One of the challenges of aging is the loss of memory and the inability to recall past events. Although many seniors suffer from age-related memory loss, there is a group of “super agers” who are somehow able to maintain their youthful memory abilities. These older adults are of particular interest to a team of investigators from the Massachusetts General Hospital (MGH). Their goal is to study what is significant about these adults’ ability to retain youthful thinking abilities and how it can help prevent dementia.
The study, published in The Journal of Neuroscience, examined a group of 40 adults ages 60 to 80, and 41 middle-aged and young adults ages 18 to 35, to see how their brain circuits operate to support the retaining of memories. Brad Dickerson, MD, director of the Frontotemporal Disorders Unit in the MGH Department of Neurology and Lisa Feldman Barrett, PhD, MGH Department of Psychiatry, led the program.
Seventeen of the 40 selected seniors performed as well as adults four to five decades younger on memory tests. Twenty-three of the 40 elderly participants had normal results for their age group.
Along with the memory tests, imaging studies revealed more incredible details. The brains of super agers, specifically the cortex (the outer sheet of brain cells essential for most thinking abilities) among other parts, were comparable in size to those of young adults. Typically, an aging brain’s cortex and other parts tend to shrink over the lifespan.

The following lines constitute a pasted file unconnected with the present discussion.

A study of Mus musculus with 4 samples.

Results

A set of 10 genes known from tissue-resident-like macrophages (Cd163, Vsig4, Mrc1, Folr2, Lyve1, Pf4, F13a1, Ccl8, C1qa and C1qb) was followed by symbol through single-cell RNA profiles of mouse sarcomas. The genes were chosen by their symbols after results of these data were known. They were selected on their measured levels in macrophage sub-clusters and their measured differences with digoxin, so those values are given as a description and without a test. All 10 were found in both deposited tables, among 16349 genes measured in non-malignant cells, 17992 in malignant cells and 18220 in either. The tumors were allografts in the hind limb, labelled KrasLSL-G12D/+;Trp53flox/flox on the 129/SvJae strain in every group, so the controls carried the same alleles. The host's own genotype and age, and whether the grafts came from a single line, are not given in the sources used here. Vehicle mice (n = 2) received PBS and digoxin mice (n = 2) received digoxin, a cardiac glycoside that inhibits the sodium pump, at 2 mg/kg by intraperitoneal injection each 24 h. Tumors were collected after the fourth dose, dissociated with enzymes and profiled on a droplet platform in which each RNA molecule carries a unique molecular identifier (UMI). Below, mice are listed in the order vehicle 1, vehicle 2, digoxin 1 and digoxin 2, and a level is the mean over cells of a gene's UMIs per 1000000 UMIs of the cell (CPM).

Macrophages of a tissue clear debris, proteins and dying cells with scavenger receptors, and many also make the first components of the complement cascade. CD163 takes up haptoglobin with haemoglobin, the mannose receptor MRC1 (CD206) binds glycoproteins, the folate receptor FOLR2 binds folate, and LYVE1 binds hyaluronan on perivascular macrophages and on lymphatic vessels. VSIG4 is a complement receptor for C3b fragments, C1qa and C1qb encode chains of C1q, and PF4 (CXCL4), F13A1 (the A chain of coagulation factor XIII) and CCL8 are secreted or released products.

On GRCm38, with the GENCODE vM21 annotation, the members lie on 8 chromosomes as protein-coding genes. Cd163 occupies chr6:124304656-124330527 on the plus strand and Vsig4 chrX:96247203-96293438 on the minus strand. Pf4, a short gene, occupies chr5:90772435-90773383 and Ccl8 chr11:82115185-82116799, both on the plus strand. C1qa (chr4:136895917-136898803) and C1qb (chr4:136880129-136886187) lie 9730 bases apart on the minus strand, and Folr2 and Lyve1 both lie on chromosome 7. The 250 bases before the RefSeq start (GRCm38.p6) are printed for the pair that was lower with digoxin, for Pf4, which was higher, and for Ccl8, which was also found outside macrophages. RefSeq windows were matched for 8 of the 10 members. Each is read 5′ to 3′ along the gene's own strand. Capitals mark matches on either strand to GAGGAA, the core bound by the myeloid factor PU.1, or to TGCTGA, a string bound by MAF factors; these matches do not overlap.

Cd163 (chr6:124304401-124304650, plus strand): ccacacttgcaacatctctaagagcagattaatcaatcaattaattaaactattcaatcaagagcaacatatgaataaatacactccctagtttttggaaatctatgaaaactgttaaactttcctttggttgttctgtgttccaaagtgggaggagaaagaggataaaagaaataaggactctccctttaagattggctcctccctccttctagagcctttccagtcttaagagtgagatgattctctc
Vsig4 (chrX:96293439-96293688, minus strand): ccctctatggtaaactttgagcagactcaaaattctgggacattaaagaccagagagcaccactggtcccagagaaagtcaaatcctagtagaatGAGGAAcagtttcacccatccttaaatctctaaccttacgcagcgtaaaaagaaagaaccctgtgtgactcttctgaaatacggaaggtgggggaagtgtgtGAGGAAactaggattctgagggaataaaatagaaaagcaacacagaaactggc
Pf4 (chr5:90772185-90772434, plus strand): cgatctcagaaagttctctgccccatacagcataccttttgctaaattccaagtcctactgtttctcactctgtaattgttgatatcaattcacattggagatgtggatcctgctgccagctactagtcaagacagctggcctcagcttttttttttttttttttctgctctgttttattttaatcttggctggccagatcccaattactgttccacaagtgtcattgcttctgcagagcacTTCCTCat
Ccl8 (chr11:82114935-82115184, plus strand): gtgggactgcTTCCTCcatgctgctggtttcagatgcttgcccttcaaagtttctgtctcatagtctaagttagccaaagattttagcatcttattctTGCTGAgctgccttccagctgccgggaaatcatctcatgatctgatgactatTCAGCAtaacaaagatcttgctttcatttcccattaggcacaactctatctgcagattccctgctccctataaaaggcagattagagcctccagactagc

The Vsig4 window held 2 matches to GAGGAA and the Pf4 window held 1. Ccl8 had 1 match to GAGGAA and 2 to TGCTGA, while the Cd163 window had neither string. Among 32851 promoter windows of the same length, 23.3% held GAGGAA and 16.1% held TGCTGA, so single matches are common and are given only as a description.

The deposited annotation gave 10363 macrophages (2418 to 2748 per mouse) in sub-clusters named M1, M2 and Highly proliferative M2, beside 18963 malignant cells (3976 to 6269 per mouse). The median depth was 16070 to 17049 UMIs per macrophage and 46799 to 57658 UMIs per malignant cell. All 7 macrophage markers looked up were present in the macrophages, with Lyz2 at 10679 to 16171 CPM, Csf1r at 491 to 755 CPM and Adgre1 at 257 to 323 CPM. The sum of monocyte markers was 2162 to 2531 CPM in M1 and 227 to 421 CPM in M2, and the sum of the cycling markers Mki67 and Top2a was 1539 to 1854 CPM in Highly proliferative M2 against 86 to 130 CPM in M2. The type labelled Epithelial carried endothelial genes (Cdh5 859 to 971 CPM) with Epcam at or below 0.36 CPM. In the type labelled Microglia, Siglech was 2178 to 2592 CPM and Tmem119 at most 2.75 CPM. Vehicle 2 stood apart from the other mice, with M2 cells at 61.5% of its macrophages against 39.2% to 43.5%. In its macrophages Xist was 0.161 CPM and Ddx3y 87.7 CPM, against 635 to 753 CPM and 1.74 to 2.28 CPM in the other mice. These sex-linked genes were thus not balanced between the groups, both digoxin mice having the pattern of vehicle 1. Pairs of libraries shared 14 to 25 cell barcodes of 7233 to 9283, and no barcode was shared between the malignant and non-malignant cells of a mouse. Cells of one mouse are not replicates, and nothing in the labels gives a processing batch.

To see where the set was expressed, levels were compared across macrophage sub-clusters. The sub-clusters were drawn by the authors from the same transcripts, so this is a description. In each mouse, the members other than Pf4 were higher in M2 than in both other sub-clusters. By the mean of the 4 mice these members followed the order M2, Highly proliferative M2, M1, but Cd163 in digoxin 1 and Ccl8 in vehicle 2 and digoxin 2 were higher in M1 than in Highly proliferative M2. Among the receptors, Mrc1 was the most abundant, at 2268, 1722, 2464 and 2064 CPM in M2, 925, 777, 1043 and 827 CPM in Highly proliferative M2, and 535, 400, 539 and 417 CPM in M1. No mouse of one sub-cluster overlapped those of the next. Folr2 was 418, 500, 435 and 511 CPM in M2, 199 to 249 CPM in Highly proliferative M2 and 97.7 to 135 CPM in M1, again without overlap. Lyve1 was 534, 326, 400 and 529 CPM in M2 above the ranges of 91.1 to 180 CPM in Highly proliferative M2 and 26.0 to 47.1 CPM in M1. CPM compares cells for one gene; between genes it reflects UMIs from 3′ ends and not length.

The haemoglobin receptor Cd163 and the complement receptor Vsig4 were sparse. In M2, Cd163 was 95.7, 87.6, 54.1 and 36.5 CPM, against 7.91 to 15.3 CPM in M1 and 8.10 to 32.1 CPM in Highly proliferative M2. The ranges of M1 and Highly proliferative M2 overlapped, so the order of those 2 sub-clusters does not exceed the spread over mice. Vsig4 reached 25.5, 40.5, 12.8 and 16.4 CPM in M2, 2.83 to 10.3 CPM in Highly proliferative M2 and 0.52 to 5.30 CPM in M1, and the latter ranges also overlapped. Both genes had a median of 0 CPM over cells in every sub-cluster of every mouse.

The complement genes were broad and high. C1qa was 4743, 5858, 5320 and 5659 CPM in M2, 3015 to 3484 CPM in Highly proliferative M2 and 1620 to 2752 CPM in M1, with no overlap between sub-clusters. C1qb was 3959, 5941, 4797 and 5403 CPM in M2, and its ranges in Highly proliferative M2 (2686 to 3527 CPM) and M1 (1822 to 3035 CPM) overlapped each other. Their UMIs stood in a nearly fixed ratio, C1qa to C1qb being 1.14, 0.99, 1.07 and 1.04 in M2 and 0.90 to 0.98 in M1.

The salience network of the brain (involved in identifying important information for specific situations) was also examined, and researchers found preserved thickness in several regions. “We believe that effective communications between these networks is very important for healthy cognitive aging,” says Alexandra Touroutoglou, neurology instructor at Harvard Medical School and co-senior author of the study.
Understanding which factors protect memory during aging could lead to significant advances in preventing and treating memory loss and dementia.